Google’s stealthy sign-in sentry can pick up pilfered passwords

Security
Google’s stealthy sign-in sentry can pick up pilfered passwords
Two things happened on Halloween with a bearing on cybersecurity.

The first is that the 15th year of the National Cyber Security Awareness Month (NCSAM) came to an end. You have heard of NCSAM, right?

The second, apparently timed to coincide with 31 October, was that Google is yet again modifying the background security checks it performs during accounts sign-in as well as modifying its recovery process in the event of unauthorised access. There’s also important news if you’re a hold-out against enabling JavaScript.

The main tweak is that Google is upping its detection of people pretending to be you. If you’re unwittingly tricked into handing over your Google username and password in a phishing attack, all isn’t lost. Google thinks it can distinguish a sign-in by the phishing attacker from a sign-in by you.

Wrote Google product manager, Jonathan Skelker in a blog announcement:

When your username and password are entered on Google’s sign-in page, we’ll run a risk assessment and only allow the sign-in if nothing looks suspicious.

The company is deliberately vague about what signals indicate this but it alluded to similar ideas in the reCAPTCHA v3 announcement from earlier this week.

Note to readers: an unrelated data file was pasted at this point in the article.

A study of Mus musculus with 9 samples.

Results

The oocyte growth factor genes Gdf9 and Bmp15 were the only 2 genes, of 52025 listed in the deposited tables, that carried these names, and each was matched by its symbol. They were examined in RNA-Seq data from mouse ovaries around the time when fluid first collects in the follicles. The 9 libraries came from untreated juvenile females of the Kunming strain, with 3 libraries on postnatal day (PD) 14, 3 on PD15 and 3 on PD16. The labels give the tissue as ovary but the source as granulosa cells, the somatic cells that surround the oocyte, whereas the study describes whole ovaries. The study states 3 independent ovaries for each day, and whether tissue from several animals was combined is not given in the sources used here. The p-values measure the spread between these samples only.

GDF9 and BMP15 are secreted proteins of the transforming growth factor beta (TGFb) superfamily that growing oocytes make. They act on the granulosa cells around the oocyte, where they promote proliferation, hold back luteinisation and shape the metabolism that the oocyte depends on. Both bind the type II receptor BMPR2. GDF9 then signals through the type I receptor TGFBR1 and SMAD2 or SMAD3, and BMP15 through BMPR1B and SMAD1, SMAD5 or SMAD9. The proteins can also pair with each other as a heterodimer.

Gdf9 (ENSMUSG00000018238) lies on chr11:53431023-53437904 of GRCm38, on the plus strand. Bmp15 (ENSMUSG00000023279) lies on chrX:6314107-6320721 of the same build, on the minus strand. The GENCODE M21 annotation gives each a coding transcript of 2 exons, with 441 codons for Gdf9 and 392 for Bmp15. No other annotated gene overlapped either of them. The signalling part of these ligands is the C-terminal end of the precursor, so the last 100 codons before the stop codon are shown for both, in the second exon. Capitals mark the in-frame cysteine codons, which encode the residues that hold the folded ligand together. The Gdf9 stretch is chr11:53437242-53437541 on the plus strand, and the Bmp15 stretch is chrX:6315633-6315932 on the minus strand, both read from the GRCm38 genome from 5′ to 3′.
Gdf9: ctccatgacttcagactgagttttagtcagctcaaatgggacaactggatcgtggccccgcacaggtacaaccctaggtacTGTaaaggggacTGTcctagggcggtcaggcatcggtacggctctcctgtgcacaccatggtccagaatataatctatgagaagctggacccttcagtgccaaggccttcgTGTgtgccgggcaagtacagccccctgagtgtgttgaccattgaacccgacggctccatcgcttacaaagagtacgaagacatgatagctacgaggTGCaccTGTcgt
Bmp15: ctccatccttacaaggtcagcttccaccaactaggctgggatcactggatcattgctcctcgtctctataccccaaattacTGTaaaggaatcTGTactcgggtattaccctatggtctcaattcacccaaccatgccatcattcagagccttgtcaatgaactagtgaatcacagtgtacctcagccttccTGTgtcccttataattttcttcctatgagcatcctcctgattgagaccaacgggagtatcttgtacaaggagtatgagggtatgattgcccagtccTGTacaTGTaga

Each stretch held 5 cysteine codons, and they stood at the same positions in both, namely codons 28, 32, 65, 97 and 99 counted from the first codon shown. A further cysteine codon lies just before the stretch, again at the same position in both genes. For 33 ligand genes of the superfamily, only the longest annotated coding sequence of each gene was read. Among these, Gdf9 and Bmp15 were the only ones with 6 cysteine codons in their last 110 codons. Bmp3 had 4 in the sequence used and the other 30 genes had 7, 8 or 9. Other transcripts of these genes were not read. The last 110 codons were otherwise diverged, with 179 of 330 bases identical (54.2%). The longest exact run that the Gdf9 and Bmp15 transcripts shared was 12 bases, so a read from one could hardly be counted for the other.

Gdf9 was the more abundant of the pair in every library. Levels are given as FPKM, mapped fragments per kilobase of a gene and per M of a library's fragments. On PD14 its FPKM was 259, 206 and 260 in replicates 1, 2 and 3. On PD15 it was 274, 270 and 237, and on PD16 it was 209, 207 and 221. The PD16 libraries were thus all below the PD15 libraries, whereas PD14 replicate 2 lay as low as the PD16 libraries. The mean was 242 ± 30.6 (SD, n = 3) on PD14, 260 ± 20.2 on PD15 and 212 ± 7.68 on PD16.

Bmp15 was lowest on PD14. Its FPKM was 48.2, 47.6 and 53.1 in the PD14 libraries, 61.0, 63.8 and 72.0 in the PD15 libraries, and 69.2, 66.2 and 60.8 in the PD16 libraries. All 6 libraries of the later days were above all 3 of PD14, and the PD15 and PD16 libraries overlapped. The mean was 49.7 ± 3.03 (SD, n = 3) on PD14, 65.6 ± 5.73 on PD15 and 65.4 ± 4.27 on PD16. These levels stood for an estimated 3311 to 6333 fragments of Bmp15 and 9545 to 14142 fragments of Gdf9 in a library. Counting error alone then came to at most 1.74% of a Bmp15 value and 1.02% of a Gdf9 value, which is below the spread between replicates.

No JavaScript, no Google

However, distinguishing an unauthorised from a legitimate sign-in requires that you haven’t disabled JavaScript, either completely, in your browser’s settings, or selectively, with a plugin like NoScript. Google reckons around 0.1% of its users do this to counter what they believe is the language’s potential for misuse. However:

We’ll now require that JavaScript is enabled on the Google sign-in page, without which we can’t run this assessment.

Failure to do this will result in the user being confronted with the following error message:

The browser you’re using doesn’t support JavaScript, or has JavaScript turned off. To keep your Google account secure, try signing in on a browser that has JavaScript turned on.

In short, if you’re in the 0.1%, JavaScript will have to be at least temporarily enabled to access Google.

Account recovery

If Google thinks it has detected malicious account access, users are now taken through additional checks looking for unauthorised financial activity, access to files on Google Drive, whether access has affected third-party accounts accessed via Google, and double-checking recovery information such as phone numbers for any changes.

The options and process for this is laid out on Google’s secure a hacked or compromised account page.

It’s all perfectly sensible stuff but a quick glance at that page shows how involved Google account security has become – the main advice section now runs to a total of nearly 1,100 words, referencing settings and concepts not all users will be familiar with.

As Google’s Skelker admits:

Online security can sometimes feel like walking through a haunted house – scary, and you aren’t quite sure what may pop up.

His analogy, aimed at the threats, increasingly applies to protections too.

As their number expands to serve a worthy cause, it’s a theme worth thinking about come next year’s National Cyber Security Awareness Month.